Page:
Area students attend Youth Congress at USD Four local students were among nearly 30 high school sophomores and juniors from South Dakota and Arkansas who discussed the future of precollege education in South Dakota during the second annual 1999 Youth Congress held recently at The University of South Dakota. Sponsored by the Chiesman Foundation for Democracy of Rapid City, the USD Chiesman Fund for Civic Education and Kids Voting South Dakota, the conference centered on the theme, "Youth Perspectives on Precollege of Education."
Students discussed and made recommendations on the future of precollege education in South Dakota. They also developed a vision statement that will be shared with policymakers, educators, business leaders and citizens in the state describing the condition of prekindergarden to high school education in South Dakota. South Dakota Secretary of Education Ray Christensen and USD President James W. Abbott presented the keynote lectures at the three-day event.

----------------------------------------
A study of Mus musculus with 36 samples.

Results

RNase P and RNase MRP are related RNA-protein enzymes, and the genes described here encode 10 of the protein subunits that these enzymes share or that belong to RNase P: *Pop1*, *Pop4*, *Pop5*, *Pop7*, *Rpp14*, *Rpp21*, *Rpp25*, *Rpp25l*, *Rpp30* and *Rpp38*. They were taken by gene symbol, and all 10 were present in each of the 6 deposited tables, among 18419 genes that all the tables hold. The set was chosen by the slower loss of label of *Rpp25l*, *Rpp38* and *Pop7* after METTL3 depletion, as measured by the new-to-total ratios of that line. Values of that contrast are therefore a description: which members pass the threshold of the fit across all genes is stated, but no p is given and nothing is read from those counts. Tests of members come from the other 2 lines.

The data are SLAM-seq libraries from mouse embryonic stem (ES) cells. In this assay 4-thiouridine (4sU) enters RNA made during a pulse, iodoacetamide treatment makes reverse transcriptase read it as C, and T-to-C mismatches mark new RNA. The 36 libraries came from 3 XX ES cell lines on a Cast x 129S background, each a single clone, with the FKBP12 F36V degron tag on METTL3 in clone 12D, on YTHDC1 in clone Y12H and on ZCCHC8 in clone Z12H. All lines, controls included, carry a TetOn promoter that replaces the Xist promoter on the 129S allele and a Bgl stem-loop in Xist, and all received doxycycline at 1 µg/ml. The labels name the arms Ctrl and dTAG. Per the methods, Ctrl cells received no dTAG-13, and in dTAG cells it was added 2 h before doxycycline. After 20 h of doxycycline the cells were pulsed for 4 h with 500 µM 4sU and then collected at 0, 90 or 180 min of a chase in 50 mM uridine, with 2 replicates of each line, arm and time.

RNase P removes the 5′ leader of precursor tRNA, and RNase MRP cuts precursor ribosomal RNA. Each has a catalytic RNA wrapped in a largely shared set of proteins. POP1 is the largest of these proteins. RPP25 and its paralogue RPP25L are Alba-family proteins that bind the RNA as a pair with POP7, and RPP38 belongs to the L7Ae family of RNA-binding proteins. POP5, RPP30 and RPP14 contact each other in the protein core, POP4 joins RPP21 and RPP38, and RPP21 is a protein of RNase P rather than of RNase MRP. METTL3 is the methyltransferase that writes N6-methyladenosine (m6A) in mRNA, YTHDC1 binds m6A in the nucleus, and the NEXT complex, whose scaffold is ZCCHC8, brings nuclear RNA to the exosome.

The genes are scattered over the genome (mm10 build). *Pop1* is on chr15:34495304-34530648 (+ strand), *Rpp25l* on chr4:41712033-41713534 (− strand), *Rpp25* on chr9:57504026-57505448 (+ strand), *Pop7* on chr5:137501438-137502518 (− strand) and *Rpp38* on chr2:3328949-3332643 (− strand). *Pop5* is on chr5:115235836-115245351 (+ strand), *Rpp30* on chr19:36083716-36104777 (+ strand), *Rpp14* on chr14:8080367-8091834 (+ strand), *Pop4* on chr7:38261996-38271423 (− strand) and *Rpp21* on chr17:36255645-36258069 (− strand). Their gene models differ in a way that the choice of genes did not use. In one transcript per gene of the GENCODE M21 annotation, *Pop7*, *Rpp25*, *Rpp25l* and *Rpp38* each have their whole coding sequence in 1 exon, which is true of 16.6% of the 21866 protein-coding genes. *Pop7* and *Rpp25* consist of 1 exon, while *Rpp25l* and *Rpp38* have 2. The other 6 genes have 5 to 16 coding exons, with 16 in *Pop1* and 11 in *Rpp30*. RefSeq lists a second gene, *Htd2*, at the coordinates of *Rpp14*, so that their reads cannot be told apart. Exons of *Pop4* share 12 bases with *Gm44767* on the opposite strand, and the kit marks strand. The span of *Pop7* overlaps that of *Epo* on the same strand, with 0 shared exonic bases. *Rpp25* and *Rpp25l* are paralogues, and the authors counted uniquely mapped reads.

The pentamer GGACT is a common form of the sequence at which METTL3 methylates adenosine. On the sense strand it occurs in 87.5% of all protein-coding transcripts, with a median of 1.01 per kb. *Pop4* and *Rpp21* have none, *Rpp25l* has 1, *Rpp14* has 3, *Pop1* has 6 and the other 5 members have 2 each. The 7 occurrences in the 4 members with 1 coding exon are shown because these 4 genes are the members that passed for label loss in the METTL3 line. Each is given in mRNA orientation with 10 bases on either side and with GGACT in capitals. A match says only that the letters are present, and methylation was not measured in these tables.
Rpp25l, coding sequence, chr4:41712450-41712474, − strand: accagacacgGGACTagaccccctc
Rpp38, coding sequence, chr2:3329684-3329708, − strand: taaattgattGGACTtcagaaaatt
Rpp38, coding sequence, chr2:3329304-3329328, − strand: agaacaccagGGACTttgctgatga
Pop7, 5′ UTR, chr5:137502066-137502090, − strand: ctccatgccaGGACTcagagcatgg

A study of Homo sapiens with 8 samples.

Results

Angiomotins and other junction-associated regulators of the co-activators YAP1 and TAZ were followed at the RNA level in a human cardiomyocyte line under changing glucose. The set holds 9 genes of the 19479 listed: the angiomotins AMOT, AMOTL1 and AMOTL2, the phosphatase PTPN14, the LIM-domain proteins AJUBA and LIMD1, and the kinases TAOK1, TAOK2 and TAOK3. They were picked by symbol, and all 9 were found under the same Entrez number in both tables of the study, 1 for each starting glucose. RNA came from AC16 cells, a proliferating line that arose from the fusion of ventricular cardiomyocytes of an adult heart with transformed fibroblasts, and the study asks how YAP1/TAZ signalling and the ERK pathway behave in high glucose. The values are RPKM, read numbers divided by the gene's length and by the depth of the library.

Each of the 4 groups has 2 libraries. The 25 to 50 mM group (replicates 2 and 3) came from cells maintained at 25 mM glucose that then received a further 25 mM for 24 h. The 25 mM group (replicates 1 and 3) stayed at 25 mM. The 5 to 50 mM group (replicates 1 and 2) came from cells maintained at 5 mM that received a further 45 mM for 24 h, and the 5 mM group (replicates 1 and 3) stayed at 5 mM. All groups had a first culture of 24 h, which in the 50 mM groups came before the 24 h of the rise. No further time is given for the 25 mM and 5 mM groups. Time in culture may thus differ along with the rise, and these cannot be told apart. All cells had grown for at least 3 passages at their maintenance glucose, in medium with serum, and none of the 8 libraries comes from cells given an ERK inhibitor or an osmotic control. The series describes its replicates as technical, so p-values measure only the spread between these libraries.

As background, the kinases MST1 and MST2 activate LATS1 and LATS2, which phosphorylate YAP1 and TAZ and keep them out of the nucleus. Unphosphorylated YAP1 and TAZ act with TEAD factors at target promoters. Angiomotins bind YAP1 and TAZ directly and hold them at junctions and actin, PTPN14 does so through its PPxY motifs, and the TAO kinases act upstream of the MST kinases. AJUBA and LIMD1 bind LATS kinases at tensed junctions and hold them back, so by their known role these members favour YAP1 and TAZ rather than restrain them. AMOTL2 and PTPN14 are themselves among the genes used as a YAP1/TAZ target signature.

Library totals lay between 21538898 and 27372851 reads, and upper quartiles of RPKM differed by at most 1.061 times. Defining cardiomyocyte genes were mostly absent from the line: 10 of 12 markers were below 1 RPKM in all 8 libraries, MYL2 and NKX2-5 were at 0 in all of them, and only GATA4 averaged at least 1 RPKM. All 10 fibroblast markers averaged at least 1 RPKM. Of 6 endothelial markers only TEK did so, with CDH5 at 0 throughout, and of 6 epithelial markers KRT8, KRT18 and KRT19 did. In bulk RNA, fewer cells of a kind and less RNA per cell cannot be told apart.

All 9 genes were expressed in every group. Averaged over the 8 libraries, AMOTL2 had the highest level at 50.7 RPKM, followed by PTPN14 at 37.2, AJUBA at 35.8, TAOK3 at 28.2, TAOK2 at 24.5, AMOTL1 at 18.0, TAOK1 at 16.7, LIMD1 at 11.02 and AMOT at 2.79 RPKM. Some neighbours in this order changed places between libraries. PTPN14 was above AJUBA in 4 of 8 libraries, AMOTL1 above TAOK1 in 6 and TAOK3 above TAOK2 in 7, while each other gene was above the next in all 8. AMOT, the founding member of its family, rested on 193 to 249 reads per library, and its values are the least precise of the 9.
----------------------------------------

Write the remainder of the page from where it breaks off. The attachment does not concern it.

"I was very impressed by all of the deep thinking that went on during the Congress," said Allison Knutson of Vermillion. "I felt very privileged to have participated in this, because it's a great honor that only very few students have the chance to do."
Matthew Amon of Yankton liked the event because it allowed students to give their recommendations on the state of education in South Dakota. "I've realized that this is a very good program that seems to actually give a voice to youth," Amon said.
The student participants from South Dakota and Arkansas were part of a peer exchange program, sponsored by the California-based Arsalyn Foundation. The peer exchange was used to promote the sharing of models and methodologies of civic and community participation in each state. Later this year, South Dakota students will travel to Arkansas to participate in their first annual Youth Congress.
Anthony Senne of Vermillion said that he enjoyed participating in the Congress and exchange program. "I thought it was a great way of meeting new people and hearing their views and topics on precollege education in South Dakota," he said.
Jill Haenfler of Avon agreed with Senne that the event was a fantastic way to bring students together. "It was a productive couple of days. As a group of leaders, we have strived for and accomplished some very great achievements. It is awesome to know that we, as young adults, can have an influence of the future of our state," she said.